When it became apparent that Missouri would
ultimately be granted statehood, Missourians chose the central location of
Jefferson City as the site of their permanent state Capitol. But before
construction could be completed on the Capitol Building, politicians and
legislators needed a place to conduct governmental affairs. Several
cities vied for the honor of hosting the temporary seat of government and
St. Charles was chosen after its citizens pledged free meeting space if
their city was chosen.
The site chosen for the temporary seat of government
was the second floor of two adjoining Federal-style brick buildings on
Main Street owned by the merchants, Charles and Ruluff Peck, and a
craftsman named Chauncey Shepard. The upper floors of these two buildings
were combined and partitioned with space provided for both the Senate and
the House, with smaller quarters for an office for the governor and a committee room. From June 4, 1821 until August 10, 1821 this space served
as the seat of the territorial government and continued as the seat of
state government until October 1, 1826, when the building in Jefferson
City was ready.
on the upper floor
||The Peck Bros.
Dry Good and Harwood Store
After years of decay, the state of Missouri bought
the First Capitol buildings in 1961. The restoration project which lasted
ten years helped
spark the revitalization of historic downtown St. Charles. Eleven rooms in the
complex have been restored. The second floor has been restored to reflect
how the rooms used by the new government would have looked during the 1821-1826
time period. The Peck Brothers Dry Good & Hardware Store has been refurbished and outfitted as to what a typical store in the 1820's would
have on hand including cloth, dishes, flour, tobacco, cooking appliances,
candles, tools, and traps. Stores of this era typically used the barter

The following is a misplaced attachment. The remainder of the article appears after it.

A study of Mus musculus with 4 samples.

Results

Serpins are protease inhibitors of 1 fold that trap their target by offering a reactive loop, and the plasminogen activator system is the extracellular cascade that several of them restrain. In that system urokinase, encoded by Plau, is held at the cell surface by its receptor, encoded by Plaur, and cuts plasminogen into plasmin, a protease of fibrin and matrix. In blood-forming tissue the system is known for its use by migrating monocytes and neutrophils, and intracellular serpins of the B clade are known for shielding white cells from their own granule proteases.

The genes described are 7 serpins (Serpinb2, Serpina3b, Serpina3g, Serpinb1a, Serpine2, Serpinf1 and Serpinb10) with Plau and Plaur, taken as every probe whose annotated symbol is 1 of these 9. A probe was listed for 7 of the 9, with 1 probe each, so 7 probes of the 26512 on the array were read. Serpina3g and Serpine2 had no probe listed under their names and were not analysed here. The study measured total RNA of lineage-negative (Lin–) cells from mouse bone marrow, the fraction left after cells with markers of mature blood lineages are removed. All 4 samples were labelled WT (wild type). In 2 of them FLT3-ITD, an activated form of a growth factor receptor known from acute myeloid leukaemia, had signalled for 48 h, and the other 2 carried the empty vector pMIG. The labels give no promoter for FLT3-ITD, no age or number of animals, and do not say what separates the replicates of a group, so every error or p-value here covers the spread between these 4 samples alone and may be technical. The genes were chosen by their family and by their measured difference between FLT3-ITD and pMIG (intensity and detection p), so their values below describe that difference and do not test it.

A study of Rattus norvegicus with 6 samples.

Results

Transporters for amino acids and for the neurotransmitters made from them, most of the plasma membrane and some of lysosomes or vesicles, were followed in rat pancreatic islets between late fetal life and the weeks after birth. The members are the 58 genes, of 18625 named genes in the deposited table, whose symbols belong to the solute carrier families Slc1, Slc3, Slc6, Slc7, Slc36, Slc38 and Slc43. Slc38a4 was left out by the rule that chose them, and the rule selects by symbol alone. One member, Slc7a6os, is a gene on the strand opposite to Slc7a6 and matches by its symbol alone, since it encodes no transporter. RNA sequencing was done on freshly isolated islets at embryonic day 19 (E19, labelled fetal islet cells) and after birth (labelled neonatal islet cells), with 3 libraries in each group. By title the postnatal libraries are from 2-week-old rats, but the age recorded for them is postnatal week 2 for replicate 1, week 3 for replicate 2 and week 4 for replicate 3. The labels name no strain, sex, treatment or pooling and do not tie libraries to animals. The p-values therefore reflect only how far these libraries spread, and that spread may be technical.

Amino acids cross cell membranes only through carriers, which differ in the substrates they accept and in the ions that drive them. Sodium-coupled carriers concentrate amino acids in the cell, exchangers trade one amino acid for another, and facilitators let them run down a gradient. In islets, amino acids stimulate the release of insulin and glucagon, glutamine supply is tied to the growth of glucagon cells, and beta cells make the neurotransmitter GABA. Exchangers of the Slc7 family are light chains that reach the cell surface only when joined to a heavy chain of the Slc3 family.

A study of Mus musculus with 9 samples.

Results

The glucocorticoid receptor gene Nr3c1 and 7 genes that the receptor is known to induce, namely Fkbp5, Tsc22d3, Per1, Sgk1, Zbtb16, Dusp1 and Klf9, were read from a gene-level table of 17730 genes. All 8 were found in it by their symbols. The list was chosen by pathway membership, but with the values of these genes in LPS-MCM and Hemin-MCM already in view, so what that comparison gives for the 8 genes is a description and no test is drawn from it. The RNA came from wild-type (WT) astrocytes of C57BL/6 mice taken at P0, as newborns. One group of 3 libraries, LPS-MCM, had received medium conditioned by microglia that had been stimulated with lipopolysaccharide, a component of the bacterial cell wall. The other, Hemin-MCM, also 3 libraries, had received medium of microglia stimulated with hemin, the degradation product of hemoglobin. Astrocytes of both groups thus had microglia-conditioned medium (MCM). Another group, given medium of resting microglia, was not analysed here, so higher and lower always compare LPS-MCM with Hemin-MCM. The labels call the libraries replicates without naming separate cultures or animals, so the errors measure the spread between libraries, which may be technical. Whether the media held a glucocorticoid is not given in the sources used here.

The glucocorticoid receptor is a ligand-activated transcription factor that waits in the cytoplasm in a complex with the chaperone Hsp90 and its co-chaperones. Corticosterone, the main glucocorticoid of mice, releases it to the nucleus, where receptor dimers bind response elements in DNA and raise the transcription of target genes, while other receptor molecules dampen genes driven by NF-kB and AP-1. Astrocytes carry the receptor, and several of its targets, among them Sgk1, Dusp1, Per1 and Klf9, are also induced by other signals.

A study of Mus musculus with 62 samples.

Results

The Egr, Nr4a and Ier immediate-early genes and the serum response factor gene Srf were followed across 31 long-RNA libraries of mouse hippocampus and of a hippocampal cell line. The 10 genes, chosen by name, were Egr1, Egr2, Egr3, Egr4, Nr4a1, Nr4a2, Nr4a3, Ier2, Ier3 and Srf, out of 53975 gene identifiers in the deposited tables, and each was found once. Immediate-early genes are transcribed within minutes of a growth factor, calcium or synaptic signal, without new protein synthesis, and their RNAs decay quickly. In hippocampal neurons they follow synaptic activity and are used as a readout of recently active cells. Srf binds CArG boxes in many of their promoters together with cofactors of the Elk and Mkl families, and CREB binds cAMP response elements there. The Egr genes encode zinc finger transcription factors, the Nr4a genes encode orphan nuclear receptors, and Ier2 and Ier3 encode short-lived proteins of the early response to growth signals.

system as coins and currency with fur pelts being the most frequent form
of payment and the common types of fur pelts used as barter are on
display. Also restored is the family residence of Ruluff Peck. Adjacent to the
historic site building is the Interpretive Center, which offers two floors of
exhibits and an orientation show. Events occur in the St. Charles Historic
District throughout the year and the original buildings of the First State Capitol
of Missouri Historic Site are open to the
public free of charge during the Historical Children’s Festival, held in
the Spring, and on Statehood Day, held in August.
Visiting the First State Capitol of Missouri State
Monday or Tuesday - Saturday: 9 am - 4 pm
Sunday: 11 am - 5 pm
Tours start on the hour
Monday or Tuesday - Saturday: 9 am - 3 pm
Sunday: 11 am - 4 pm
site is closed on Mondays during the months of January, February, and
There is no charge to visit the Interpretive
A small admission fee is charged for tours.
The First State Capitol
of Missouri State Historic Site is located on S. Main Street in the historic downtown
district of St. Charles. Parking on Main Street may be hard to find but a
large free parking lot can be found one block east of S. Main Street and
additional parking can be found on side streets to the west.
N 38 46.836
W 90 28.900
more about the St. Charles area.
For more information on this and related topics
the following links have been provided:
Official site provided by the Missouri State Parks system.